Q: I'm a 56 year-old single parent with a 13-year old daughter. I was recently laid-off, and my life insurance through my job expires 31 days after termination. I have the opportunity to convert the policy to individual coverage. I have my house and my 401(k) as investments. Am I right in thinking that I don't need this life insurance? -- AB via email
A: As the single parent of a minor child, you do need life insurance -- not as not an investment for yourself, but as an emergency fund for her. It's the best way to make sure that if you're hit by a bus next week, there will be money to finish raising her and pay for her education.
For a parent who needs a policy to replace his or her income in the event of premature death, it makes sense to buy the biggest possible amount of coverage for the smallest possible premium. That would be term insurance. And I have good news for you: This is the only type of life insurance that's simple and easy to understand!
A term policy is cheap because it has no savings or investment component. It's like fire insurance: You pay the premium every year; and if you die, the policy pays your beneficiary. If you don't die, it pays nothing.
For young people, term insurance has always been much less expensive than cash value life insurance. (With cash value coverage like whole life, variable life, and universal life, your premium must fund an investment account in addition to insuring you.) But even for people in their 50s and 60s, the cost of term insurance has fallen substantially over the past couple of decades, for two reasons. One is that people are living longer. The other is that medical technology makes it easier for insurers to predict life expectancy. The result: Insurers can lower their prices because it's a good bet that you'll outlive your policy.
The standard term policy is level-premium term, on which you pay a fixed annual premium for the duration of coverage, which can be 10, 15, 20, or even 30 years. You should comparison-shop for a policy that lasts until your daughter will be self-supporting -- perhaps a 15-year term policy.
Okay -- so what about your employer-paid coverage? You can convert it to an individual policy without undergoing a physical exam. But if you're healthy, you can almost certainly find a bigger policy for substantially less money elsewhere. (Employers typically offer a policy for one and a half to two times your salary, but only up to a dollar limit that's often quite low.)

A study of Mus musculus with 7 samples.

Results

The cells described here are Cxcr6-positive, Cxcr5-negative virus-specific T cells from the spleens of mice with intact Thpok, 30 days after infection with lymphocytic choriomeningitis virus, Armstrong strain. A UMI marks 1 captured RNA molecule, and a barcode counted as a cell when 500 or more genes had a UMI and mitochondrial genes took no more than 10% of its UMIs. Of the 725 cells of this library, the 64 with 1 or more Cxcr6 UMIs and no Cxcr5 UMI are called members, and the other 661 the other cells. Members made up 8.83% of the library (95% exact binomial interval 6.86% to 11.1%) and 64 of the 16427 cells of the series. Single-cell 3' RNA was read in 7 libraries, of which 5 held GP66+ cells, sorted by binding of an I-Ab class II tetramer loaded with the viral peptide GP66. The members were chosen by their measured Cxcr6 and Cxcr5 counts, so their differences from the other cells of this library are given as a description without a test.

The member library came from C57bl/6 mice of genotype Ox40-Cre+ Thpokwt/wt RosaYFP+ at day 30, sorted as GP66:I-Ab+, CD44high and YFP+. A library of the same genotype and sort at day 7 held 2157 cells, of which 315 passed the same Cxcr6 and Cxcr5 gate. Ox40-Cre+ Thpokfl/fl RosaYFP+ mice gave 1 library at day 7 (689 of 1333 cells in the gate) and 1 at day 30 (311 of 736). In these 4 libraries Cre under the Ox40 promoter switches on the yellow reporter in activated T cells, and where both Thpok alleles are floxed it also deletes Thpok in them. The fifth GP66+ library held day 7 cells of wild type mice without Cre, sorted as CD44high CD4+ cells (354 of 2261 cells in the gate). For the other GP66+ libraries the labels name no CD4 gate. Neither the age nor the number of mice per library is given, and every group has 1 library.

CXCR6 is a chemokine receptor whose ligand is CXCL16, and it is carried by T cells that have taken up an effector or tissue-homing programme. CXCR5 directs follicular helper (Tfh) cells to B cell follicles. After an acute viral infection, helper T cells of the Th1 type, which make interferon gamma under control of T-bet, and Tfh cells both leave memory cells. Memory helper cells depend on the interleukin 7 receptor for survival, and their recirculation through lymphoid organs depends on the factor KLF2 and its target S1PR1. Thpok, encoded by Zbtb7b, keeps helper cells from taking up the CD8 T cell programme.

People often mistakenly assume that group life insurance is less expensive than an individual policy. But unlike the premiums for a level term individual policy, the premiums for group coverage rise every few years. And because group coverage is guaranteed to all employees, it's priced to cover people in poor health. If you're in good health, an individual term policy may be a far better deal -- especially if you're a woman in a state that requires unisex rating in group policies, says Mark Cortazzo, senior partner at Macro Consulting Group, a Parsipanny, New Jersey financial adviser. (A woman's life expectancy on average is longer than a man's; so with gender-based rating, she pays less for the same amount of coverage.)
You can easily comparison shop for term insurance online at sites like AccuQuote and Term4Sale. These firms earn a commission if you buy a policy from them; but the quotes are free. You can also get quotes on the telephone directly from highly-rated, low-cost insurers like USAA Life Insurance Co. (800 531 8722), and Ameritas Life Insurance (800 745 6665). In all cases, the preliminary quote won't be final until you've had a medical examination. Any reputable life insurer will make an appointment for you to have the underwriting examination free of charge; if you prefer, this can be done at your home or office.
Please send your questions to Lynn@LynnBrennersFamilyFinance.com. I'm sorry I can't respond personally to every email. Questions are only addressed online.